A Sydney architect thinks he has the answer to increasing suburban density: put granny in the pool. Sean Radford’s design for a granny flat or separate dwelling sees grandma bunking down in a semi-submerged apartment.

The design, by firm Nobbs Radford, granny could quite literally be pushing up daisies as the roof of her new apartment would be covered in turf.

The benefits, said Radford, are that homeowners can extend their properties and achieve the autonomous space of a granny flat, studio, wine cellar or other space, while maintaining their garden. As Sydney faces another dry summer and water shortages, the design could be a welcome way to utilise dry pools.

“The green roof and thermal properties make it quite a sustainable design,” said Radford. “It’s keeping the best aspects of the suburbs but increasing density.”

Far from being “dark” and “cavernous”, the design could provide a “bright, intimate space”, Radford said.

The configuration includes a sizeable courtyard and highlight windows at one end. Light enters from various sources and, because the footprint is relatively small, light reaches throughout the design. “One side has got a pond. From inside you would see this through a window, providing filtered light,” he said.

Manfred Wiesemes, NSW president of the Swimming Pool and Spa Association was unenthusiastic about the idea, describing the plans as “impossible, in one word”. Empty pools, he said, could “float” when rain saturated the soil.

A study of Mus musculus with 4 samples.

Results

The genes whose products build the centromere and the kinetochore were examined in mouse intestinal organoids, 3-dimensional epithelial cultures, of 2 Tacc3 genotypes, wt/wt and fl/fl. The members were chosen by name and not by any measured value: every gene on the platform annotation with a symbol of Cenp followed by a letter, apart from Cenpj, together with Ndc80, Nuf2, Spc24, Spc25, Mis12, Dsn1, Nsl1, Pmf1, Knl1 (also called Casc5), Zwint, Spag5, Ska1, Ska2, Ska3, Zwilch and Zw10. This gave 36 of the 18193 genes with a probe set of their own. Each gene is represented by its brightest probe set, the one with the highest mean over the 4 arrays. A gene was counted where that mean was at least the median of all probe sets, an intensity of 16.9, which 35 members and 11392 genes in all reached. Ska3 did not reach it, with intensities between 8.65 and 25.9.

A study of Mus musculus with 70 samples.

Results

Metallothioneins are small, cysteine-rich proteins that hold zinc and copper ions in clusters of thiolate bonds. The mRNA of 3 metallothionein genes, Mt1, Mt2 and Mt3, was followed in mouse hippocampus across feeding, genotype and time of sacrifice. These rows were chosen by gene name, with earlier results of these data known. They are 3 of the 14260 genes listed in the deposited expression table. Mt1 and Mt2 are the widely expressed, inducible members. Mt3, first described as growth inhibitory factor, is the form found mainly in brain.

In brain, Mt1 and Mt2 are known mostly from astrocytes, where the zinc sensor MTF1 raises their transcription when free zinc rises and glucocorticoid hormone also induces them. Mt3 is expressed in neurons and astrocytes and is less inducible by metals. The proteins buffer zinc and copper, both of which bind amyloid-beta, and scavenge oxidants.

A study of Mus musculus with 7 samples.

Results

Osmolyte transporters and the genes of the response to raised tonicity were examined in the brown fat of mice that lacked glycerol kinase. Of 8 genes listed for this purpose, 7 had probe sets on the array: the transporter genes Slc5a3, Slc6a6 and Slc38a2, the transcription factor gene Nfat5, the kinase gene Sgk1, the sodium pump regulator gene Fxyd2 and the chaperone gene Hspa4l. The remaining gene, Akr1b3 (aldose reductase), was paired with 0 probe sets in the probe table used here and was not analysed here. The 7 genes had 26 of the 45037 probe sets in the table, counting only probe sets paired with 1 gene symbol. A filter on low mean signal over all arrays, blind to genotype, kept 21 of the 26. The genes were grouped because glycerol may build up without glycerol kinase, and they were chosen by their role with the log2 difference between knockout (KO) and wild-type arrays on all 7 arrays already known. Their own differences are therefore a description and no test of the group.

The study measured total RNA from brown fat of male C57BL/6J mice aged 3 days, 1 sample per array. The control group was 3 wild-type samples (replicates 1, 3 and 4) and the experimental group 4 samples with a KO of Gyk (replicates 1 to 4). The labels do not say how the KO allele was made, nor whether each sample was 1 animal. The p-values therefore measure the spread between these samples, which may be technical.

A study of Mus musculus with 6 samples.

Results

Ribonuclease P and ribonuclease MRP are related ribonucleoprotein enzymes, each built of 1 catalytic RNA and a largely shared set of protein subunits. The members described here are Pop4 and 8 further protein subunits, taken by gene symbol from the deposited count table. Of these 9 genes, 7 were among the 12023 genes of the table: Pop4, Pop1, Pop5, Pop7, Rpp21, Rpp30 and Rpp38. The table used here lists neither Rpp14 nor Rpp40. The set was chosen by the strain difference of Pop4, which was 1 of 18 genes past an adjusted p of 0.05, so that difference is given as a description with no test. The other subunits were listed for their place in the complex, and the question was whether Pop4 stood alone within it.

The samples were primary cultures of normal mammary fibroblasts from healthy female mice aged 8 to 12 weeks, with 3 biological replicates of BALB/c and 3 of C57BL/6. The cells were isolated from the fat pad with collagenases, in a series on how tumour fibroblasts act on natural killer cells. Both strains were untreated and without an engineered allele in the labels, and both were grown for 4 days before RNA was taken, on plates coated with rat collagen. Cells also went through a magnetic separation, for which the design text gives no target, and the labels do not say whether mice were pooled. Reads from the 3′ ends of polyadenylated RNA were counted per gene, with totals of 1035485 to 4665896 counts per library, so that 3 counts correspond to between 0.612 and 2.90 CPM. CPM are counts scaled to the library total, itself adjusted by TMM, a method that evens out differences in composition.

But Radford refuted this claim, saying the roof would weigh the pool-cum-home down. “The Swimming Pool and Spa Association has its agenda,” he said. “I’ve not got a grudge against pools,” Radford said “I know pool owners and I’ve enjoyed swimming in their pools.”

Planning laws are “problematic” to the pool rehabilitation Radford said. “All planning laws are restrictive. We acknowledge the rationale behind some of them but when we’re looking at things like density we need to re-look at those laws and how they could be applied to certain schemes.”

The Department for Planning said it was looking at a policy to encourage granny flats, but it decline comment on the potential merit of putting one within a swimming pool.

Radford denied the proposed design was a ploy for media attention or an abstract architectural exercise. “It had a certain amount of play in it but it was also something we thought could be taken further otherwise we wouldn’t have proposed it.”